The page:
Invasives

U.S. Department of Agriculture

The emerald ash borer has been detected in Grand Isle County. It’s the latest confirmation of the presence of the damaging insect in Vermont.

The emerald ash borer, an invasive insect, kills over 99 percent of ash trees. It's been found in Montpelier, and officials are planning a response.
U.S. Department of Agriculture

A long-expected, but still dreaded, moment has arrived. The emerald ash borer, a tree-killing insect that has decimated forests in other parts of the country, has finally been officially confirmed in Vermont. We’re talking to experts about what comes next and what can be done to mitigate the damage from these invasive pests.

Courtesy UVM Extension

Invasive plant and animal species exist all around us, but some are more damaging than others. A revamped tool from UVM Extension leverages citizen science to better track where invasive species are now, and which ones are approaching our region.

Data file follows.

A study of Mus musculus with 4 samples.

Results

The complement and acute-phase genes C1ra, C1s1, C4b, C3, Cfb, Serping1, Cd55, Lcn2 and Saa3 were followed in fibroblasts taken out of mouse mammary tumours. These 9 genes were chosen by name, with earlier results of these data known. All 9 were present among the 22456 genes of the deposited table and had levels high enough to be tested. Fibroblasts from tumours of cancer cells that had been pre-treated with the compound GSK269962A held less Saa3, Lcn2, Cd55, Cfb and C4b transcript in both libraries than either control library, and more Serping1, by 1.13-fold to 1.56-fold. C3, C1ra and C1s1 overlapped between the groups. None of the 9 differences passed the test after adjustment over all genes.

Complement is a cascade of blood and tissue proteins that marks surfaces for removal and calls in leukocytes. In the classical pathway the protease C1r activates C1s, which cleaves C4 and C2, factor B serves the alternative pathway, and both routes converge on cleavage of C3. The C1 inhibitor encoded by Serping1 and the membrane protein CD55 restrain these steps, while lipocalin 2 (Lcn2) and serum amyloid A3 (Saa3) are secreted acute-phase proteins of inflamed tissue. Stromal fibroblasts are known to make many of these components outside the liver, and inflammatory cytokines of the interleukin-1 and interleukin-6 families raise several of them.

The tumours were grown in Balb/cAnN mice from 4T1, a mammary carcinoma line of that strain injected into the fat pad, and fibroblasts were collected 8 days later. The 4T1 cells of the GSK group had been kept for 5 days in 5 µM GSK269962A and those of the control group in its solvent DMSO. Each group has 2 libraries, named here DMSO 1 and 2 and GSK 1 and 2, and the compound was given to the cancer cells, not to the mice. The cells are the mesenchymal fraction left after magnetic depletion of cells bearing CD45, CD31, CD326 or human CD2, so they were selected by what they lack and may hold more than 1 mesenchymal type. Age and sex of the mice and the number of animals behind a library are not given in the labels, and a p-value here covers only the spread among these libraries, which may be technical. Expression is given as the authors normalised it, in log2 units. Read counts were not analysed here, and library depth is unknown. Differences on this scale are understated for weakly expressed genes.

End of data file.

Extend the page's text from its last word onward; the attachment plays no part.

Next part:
Minnesota Department of Natural Resources / AP File

Over the past few years, state officials and forest biologists have been very worried about invasive pests that have been encroaching on our landscape. A new paper published in the journal Ecological Applications suggests that the United States needs to be doing more to fight the spread of invasive forest pests before our landscape is changed irrevocably.

Beana Bern / Sterling College

On Tuesday, members of the Sterling College community spread out around their Craftsbury campus for an all college work day focused on removing invasive plants. Even if you don't have an army of college students to battle your Japanese knotweed, you can still join the fight against invasive plants in Vermont.

Like many Vermont waterbodies, Dewey's Mills Pond has a milfoil problem.

Robert L. Johnson / Cornell University, Bugwood.org

The invasive water plant Eurasian watermilfoil has made its way into waterways around Vermont, and is nearly impossible to eradicate. At Dewey's Mills Pond, in Quechee, the U.S. Army Corps of Engineers, the state of Vermont and the town of Hartford have been working together since 2003 to keep the invasive species at bay. This Saturday, the Hartford Parks & Recreation Department is hosting a volunteer day, to help in the effort.